Mar

21

 One should never use the habits of the Boy Wonder as a source for emulation except in the field of romance and good times before the inevitable last days. Certainly everything he did in speculation was wrong except for his ability to cheat the bucket shops by betting on reversals arising from the concentration of limits at the bid and the asked.

Ken Drees comments: 

I don't know if you are judging him too harshly or not, but I read somewhere that he suffered from clinical depression and at that time was not a known ailment– maybe this led to his "trade–all the time" mentality and other outlets for passions. Beating the bucket shops who cheated the public at their own game seems counting card like to me– which led those cheats to get a bigger and bigger shoe– to keep the metaphor extended.

And maybe I am too harsh on the schooling aspect– but less chit chat, what do you think about the market talk is better for me as I try to extract longer term trend trades and stay with them. As an example, the Middle East shakeup in my mind means one thing, trade wise, and that's higher oil price. I try to minimize the back and forth headlines as much as possible. In that vein, Livermore's isolated trading office was set up to keep outside influence away. I think there is something good to take from that.

Victor Niederhoffer replies: 

One would think that he suffered more from excessive inebriation and the aftermath of womanizing too much than clinical depression. The depression was likely caused by his extravagant and unsustainable life style and vig paying.



  1. Craig Bowles on March 21, 2011 7:16 am

    Jim Sinclair says Livermore’s being broke at the end wasn’t true. He also talks about the angel numbers. Never heard of them before.
    http://kingworldnews.com/kingworldnews/Broadcast/Entries/2011/3/11_Jim_Sinclair.html

  2. Anonymous on March 21, 2011 8:38 am

    Quite surreal Victor that this morning I began reading this book for the second time and that you should post on it. I am looking at the copy on my desk and the cover in your post as I type. I would concur with you that the depression was probably caused by his alcohol problems and the fallouts from his excessive womanizing. One aspect of his trading that I felt he was really right about was the fact that he considered himself a perpetual student of the market and not an expert. It is a great biography and filled with many life lessons. He also employed your rule of not having any employee speak during trading hours. BTW, I just returned from a wonderful three days in Manhattan with my family. The weather was excellent!

  3. Ralph Di Fiore on March 21, 2011 8:53 am

    A strange synchronicity as I picked up this book from my book shelf this morning and began reading it again about an hour before I see it in your post Victor. I would concur with you that his excessive womanizing and alcohol problems probably caused his depression as much as anything else. The book is very instructive and filled with many life lessons (on what not to do for the most part). Livermore did make a good observation about himself which many should heed, that is, that he was a perpetual student of the market and not an expert. He also employed the no talking rule for his employees during trading hours.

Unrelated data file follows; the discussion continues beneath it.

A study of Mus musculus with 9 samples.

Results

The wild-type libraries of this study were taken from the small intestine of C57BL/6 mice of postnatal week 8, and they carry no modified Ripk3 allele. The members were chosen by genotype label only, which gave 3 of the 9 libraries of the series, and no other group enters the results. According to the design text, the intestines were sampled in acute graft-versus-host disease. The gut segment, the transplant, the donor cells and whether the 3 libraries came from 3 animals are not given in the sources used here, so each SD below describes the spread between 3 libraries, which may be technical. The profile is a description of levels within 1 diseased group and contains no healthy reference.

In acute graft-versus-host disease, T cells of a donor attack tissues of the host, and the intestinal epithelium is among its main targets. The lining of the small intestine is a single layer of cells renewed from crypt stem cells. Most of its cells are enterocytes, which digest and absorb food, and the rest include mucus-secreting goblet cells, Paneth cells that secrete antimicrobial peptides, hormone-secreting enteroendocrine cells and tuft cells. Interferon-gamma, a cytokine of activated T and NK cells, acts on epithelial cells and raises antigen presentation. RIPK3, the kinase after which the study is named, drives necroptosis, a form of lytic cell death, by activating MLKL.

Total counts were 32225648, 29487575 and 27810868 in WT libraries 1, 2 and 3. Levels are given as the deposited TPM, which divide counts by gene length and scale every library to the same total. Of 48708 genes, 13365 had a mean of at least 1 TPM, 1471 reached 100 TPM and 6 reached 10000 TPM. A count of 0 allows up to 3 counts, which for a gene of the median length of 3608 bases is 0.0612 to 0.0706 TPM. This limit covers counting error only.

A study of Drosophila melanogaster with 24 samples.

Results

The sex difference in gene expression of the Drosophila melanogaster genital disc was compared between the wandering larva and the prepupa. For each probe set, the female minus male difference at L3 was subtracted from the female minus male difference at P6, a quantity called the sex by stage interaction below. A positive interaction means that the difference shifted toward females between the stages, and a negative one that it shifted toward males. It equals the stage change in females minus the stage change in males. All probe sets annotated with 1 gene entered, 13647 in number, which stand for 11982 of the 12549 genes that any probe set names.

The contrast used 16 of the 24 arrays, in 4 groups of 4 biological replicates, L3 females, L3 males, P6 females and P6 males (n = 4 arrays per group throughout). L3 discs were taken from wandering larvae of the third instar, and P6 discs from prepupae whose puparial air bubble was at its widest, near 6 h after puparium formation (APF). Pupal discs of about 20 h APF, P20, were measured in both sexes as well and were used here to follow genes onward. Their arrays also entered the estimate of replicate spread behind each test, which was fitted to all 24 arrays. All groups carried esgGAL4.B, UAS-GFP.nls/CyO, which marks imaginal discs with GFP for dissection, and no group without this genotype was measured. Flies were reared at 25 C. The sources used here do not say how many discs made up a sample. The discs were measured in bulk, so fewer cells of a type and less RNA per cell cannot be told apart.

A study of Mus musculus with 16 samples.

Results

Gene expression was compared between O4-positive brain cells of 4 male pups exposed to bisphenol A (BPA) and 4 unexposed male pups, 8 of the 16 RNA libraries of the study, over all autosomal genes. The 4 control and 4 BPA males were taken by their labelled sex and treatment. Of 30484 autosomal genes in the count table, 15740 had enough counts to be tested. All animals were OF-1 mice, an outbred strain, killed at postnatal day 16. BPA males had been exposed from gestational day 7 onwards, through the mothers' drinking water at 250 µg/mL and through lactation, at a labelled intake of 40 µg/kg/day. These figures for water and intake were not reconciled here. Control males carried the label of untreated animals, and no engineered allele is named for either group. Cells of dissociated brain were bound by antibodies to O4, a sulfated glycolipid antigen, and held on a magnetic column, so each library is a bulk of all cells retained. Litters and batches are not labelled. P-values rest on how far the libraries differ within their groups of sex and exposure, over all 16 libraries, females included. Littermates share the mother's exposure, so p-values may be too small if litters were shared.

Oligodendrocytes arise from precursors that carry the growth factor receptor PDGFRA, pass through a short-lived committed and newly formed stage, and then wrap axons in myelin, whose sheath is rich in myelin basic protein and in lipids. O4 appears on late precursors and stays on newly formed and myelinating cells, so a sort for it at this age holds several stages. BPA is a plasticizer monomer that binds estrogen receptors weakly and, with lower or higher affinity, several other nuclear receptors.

4. vic on March 21, 2011 12:40 pm

    His 5 bankruptcy filings would have uncovered any evidence of hidden assets. and the last one in 1934 written about by Time Magazine memorialized his debts to several folies bergeres girls among other such debts for breach of promise. My review of Markmans annotated bio had to be toned down when I documented all this out of respect for Markman’s hero and good work. vic

  5. dvdw on March 23, 2011 2:00 pm

    Ken stated; an example, the Middle East shakeup in my mind means one thing, trade wise, and that’s higher oil price.

    Higher for how long, short term you will be right, medium and long term USA supply data say you will be wrong. there has been mention here about the divergence between WTI and Brent. This will remain a source for obfuscation, as the USA is forced to buy and pay brent prices no matter that the import of foriegn oil is about to go into rapid decline.

    As of today there are 1200 odd oil wells on the Bakken confidential list (90 day non disclosure of IP data). These wells might average 700 barrels a day…..oila, approximates libyas daily production. that was easy and it gets easier as the oil indusrty foresakes the soda straw for the complexity of the long lateral, and multi point penetration from a single pad.

    Whats happening in oil, should not be presumed to be as obvious as most think. Our information systems Produce the content, which shapes our opinions.

    Big money is already betting, that in the mid term, our dependence on foriegn oil is about to end.